A correspondent recently pointed me at a piece by David Wheeler about problems he sees with Unix pathnames and how he proposes to fix them.
I think he's wrong.
He's identified a constellation of problems—the impedance mismatch between how the filesystem does pathnames and how various pathname-using software does pathnames. But he proposes to fix them by complicating pathname software infrastructure: the kernel, the on-disk format, library routines. "Unix does not prevent you from doing stupid things because that would also prevent you from doing clever things." He should take this to heart.
Yes, the Unix filesystem interface has some botches. But complicating things is not the right answer. Unix variants have, repeatedly, tried complicating the system so as to present interfaces that humans find simple to use. These attempts have uniformly either fallen totally flat or have lost the clean orthogonal design that makes Unix Unix.
The right answer is not to complicate but to simplify.
If shell programs don't handle arbitrary filenames correctly because it's a programming language in which it's difficult to handle arbitrary octet strings, the right fix is not to eliminate one possible source of arbitrary and possibly malicious strings (out of many); it's either to stop using the language for tasks it's not appropriate for, or to make it suitable—to make the shell programming languages capable of working effectively with arbitrary octet strings.
If the prohibition of 0x00 and 0x2f octets in pathnames is a problem, the right fix is to provide filesystem interfaces that don't forbid them. This is not particularly difficult to do, certainly no more difficult than his proposed pervasive changes to practically everything that deals with pathnames.
Note I spoke of 0x00 and 0x2f octets, not characters. Unix filenames have never been character sequences, always octet sequences, though humans (especially humans working in ASCII or mostly-ASCII environments) tend to blur the distinction. (In passing, this is true of a lot of other Unixy things, too, and is the reason why, for example, ssh as standardized is actually unimplementable on many (most?) Unices; that it works as much as it does is a testament to how many sites stick to ASCII for the relevant things.) This whole "let's change the filesystem and/or its interfaces" idea is predicated on confusing filesystem names with character strings.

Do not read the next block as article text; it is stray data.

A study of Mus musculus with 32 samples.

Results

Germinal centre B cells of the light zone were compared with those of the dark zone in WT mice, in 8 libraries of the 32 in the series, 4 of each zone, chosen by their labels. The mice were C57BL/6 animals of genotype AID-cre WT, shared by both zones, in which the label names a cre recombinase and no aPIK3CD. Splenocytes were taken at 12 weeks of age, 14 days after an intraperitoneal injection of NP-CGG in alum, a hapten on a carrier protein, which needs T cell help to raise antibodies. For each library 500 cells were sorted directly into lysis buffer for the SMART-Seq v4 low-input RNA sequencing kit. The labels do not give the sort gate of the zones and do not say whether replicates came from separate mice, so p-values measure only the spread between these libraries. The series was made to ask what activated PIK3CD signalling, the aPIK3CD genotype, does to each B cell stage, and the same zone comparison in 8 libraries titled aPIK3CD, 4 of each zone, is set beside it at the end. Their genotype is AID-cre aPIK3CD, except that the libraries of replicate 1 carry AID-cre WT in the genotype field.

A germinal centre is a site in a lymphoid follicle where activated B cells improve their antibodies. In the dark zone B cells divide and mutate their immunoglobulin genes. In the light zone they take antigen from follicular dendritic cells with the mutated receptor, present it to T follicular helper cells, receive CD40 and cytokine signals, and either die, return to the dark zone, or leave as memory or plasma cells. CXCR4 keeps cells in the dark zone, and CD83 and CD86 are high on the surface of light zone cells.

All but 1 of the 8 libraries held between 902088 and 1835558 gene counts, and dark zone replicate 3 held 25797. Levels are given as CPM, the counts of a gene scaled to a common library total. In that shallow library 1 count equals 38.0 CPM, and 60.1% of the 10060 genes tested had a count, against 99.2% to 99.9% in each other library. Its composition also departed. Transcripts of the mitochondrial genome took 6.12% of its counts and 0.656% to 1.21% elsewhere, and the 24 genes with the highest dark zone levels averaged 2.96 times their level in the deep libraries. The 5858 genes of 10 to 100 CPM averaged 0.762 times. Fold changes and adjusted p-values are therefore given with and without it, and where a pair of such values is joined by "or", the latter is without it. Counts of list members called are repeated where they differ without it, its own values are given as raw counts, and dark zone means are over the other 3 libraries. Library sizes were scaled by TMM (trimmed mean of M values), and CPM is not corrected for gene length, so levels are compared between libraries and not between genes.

"It seems perfection is achieved not when there is nothing more to add, but when there is nothing more to remove." Near as I can tell, Saint-Exupery was writing about aircraft design, but it's perhaps even more true of software. Don't accrete more special cases. Get rid of the ones already there.
Filesystem names as character strings (rather than octet strings) is a human-layer issue. Deal with it at the human-interface layer. Don't push human-layer special cases and other inconsistencies down into software-to-software interface layers such as syscall arguments or on-disk filesystem formats.
 My translation. "Il semble que la perfection soit atteinte non quand il n'y a plus rien à ajouter, mais quand il n'y a plus rien à retrancher."